Apple’s slowing-down of old phones a scam to increase sales of new phones

February 8, 2018 — by Muthu Palaniappan

In the end of 2017, Apple admitted to slowing down older models of iPhones. This controversy made the headlines of news outlets and trended on social media. Apple’s confession exposed a corruption and confirmed a phenomena that was only rumor before.

This principle is called “planned obsolesce,” where companies purposely create products that deplete relatively quickly, so consumers are forced to rebuy the same product more often.

Just in the U.S., over 220 million people own iPhones. Since the phones are also incredibly expensive, it is often a big purchase for consumers, one that comes after lots of thought and financial sacrifice.

Buying one iPhone is expensive enough (the newest iPhone X is priced at $999), but having to buy a new one every few years because of a deliberately slow battery is outrageous.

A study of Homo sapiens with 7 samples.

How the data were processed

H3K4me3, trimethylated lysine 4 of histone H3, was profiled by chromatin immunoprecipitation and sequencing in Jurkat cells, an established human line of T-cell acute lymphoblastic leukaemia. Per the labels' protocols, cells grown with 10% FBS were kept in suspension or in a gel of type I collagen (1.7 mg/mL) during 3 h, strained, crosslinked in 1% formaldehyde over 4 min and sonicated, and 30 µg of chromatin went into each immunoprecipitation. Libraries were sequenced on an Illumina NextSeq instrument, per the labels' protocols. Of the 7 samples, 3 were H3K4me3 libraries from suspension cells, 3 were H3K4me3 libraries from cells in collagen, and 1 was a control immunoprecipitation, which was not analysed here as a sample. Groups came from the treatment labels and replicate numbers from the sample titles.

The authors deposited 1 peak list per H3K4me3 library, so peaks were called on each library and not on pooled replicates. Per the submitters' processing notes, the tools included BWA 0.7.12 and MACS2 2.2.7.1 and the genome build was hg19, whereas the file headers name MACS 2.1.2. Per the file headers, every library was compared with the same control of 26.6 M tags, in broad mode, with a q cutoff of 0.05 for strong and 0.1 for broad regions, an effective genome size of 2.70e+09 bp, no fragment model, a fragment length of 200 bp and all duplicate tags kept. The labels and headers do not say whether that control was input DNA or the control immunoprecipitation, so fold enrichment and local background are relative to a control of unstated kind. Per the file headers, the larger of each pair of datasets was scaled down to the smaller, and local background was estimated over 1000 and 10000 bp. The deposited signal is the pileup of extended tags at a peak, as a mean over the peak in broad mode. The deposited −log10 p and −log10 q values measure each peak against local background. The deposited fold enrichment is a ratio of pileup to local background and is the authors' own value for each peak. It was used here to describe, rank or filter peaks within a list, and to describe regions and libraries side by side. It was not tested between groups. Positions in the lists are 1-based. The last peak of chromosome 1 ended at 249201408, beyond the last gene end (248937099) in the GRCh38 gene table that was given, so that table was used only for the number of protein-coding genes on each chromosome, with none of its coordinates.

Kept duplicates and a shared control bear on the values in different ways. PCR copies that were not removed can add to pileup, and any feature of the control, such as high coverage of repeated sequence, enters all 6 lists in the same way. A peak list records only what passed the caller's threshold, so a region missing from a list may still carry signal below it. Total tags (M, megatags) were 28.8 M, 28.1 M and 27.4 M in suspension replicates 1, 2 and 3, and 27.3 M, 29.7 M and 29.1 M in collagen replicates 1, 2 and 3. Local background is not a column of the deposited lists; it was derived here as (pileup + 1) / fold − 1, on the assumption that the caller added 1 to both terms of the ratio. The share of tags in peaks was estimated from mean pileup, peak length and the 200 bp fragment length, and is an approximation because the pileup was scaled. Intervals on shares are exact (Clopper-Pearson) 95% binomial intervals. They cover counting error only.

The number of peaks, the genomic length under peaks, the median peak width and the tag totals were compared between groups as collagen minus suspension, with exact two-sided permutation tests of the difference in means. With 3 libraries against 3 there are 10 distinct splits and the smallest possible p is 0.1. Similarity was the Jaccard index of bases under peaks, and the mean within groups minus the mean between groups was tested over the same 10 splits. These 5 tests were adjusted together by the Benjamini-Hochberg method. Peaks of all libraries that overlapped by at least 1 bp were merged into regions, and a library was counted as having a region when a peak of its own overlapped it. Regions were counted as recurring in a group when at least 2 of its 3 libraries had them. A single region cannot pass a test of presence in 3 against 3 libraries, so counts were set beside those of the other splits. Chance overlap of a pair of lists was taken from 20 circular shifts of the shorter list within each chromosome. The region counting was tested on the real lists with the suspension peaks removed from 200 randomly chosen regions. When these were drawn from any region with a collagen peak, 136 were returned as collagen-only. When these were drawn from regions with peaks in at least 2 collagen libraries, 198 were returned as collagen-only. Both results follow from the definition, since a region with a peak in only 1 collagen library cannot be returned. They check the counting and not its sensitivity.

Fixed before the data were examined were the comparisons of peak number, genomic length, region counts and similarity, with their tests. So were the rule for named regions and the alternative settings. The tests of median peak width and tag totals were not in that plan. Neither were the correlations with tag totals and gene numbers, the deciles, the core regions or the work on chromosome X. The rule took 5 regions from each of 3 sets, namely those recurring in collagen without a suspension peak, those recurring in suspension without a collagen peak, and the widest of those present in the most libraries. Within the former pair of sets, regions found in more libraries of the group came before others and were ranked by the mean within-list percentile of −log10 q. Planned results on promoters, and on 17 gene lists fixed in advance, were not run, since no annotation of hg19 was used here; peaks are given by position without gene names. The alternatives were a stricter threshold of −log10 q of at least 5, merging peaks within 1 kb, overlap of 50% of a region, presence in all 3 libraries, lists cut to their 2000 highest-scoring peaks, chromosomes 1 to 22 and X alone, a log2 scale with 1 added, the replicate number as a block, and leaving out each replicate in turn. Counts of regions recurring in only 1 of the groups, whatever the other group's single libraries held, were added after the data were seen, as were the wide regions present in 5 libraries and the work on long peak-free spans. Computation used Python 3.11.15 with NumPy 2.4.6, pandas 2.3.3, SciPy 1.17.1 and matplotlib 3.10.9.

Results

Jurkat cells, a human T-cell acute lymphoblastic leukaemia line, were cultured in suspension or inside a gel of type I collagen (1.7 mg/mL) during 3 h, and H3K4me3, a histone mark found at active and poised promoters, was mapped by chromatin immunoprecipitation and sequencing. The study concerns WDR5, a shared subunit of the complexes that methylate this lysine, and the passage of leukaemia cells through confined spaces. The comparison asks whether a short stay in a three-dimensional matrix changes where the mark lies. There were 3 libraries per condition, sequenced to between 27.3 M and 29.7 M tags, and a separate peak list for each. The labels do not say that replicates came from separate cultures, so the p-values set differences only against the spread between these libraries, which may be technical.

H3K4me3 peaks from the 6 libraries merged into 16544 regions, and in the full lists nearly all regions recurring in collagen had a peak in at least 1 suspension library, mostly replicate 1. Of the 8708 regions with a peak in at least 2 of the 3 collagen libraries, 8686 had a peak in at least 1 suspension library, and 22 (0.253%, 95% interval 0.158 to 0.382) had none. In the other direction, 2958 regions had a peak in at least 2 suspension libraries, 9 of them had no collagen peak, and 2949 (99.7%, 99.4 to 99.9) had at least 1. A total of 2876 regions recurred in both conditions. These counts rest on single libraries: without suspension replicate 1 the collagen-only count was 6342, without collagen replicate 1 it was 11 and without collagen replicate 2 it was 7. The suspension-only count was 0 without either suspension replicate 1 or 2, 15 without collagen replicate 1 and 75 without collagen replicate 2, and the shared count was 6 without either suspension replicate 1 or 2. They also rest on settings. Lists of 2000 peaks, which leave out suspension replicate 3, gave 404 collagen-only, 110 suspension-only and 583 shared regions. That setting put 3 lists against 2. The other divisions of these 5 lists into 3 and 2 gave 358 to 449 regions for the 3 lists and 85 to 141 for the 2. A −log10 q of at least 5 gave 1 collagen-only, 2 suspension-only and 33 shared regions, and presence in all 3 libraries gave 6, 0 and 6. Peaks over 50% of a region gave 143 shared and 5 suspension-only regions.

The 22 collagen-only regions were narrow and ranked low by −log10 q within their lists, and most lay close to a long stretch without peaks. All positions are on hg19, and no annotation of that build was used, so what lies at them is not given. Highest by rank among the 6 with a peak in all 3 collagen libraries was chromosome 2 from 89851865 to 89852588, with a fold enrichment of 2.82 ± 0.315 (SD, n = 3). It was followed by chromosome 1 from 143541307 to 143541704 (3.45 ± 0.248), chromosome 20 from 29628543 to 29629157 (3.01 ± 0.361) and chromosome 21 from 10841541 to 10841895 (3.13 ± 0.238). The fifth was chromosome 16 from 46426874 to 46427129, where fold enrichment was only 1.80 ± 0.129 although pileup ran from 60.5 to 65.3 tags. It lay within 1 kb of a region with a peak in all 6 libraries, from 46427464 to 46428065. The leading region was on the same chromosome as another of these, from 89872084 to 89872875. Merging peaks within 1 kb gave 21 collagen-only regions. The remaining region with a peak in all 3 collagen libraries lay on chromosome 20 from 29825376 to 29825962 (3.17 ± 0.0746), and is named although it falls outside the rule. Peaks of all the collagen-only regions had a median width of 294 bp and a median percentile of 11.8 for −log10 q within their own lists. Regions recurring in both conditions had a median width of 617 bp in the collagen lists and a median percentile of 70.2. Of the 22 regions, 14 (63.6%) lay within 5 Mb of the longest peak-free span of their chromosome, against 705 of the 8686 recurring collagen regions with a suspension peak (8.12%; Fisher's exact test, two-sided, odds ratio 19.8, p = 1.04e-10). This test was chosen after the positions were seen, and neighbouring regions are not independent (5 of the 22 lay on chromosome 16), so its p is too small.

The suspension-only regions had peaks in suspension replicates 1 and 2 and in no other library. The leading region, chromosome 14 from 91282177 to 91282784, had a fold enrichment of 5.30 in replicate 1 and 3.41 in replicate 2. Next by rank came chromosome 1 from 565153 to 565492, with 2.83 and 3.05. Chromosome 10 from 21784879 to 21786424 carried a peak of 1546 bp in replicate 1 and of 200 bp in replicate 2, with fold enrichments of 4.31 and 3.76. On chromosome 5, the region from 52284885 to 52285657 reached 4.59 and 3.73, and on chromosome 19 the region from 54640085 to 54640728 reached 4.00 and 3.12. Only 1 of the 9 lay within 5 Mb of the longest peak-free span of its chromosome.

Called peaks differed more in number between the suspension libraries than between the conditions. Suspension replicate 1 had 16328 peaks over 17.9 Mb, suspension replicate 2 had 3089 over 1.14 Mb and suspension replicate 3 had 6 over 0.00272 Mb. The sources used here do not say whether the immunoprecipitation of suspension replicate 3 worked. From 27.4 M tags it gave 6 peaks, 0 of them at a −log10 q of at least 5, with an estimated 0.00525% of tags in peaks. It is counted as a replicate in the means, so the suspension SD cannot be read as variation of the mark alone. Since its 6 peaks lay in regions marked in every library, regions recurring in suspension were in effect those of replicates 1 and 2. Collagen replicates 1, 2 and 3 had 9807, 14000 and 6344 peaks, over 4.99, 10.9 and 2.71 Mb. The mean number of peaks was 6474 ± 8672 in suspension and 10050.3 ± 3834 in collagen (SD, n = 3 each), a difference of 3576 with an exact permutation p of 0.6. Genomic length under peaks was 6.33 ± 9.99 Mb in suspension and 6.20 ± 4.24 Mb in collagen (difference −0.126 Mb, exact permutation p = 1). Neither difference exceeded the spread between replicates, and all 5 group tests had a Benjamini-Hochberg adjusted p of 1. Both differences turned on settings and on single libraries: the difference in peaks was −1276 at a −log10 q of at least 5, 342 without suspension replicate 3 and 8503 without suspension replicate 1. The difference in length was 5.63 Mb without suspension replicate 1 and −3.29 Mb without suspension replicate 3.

Apple’s explanation for slowing down phones was to preserve the phone’s capabilities. Since the batteries naturally deplete, keeping up the phone speed would ruin the battery even more. The company claimed its actions protected the phone more than what would naturally happen to the battery.  

The company’s official statement said, “This feature’s only intent is to prevent unexpected shutdowns so that the iPhone can still be used.”

The company has no right to treat their users like this. Instead of creating a way to make emojis come to life through “animojis” on the iPhone X, Apple should and could have worked to create stronger batteries that do not deplete over time, or at the very least, not every year.

It is completely unfair to indirectly force users to buy a new model when there are barely any improvements from prior models.

Adding to all these doubts about Apple is that the company often changes only a few aspects of the older version of the phone. For instance, it adds a better camera and calls it the newest and next best smartphone. The only difference between the iPhone 7 and 8 is a new camera, faster processing speed and new camera software. These new features are hardly compelling enough iPhone 7 users to buy an iPhone 8, but since Apple slows down their phone, they may be more inclined to buy the new phone.

Users who pay a large sum of money and expect a phone that will work for a long time do not deserve Apple’s corruption of slowing down older iPhones.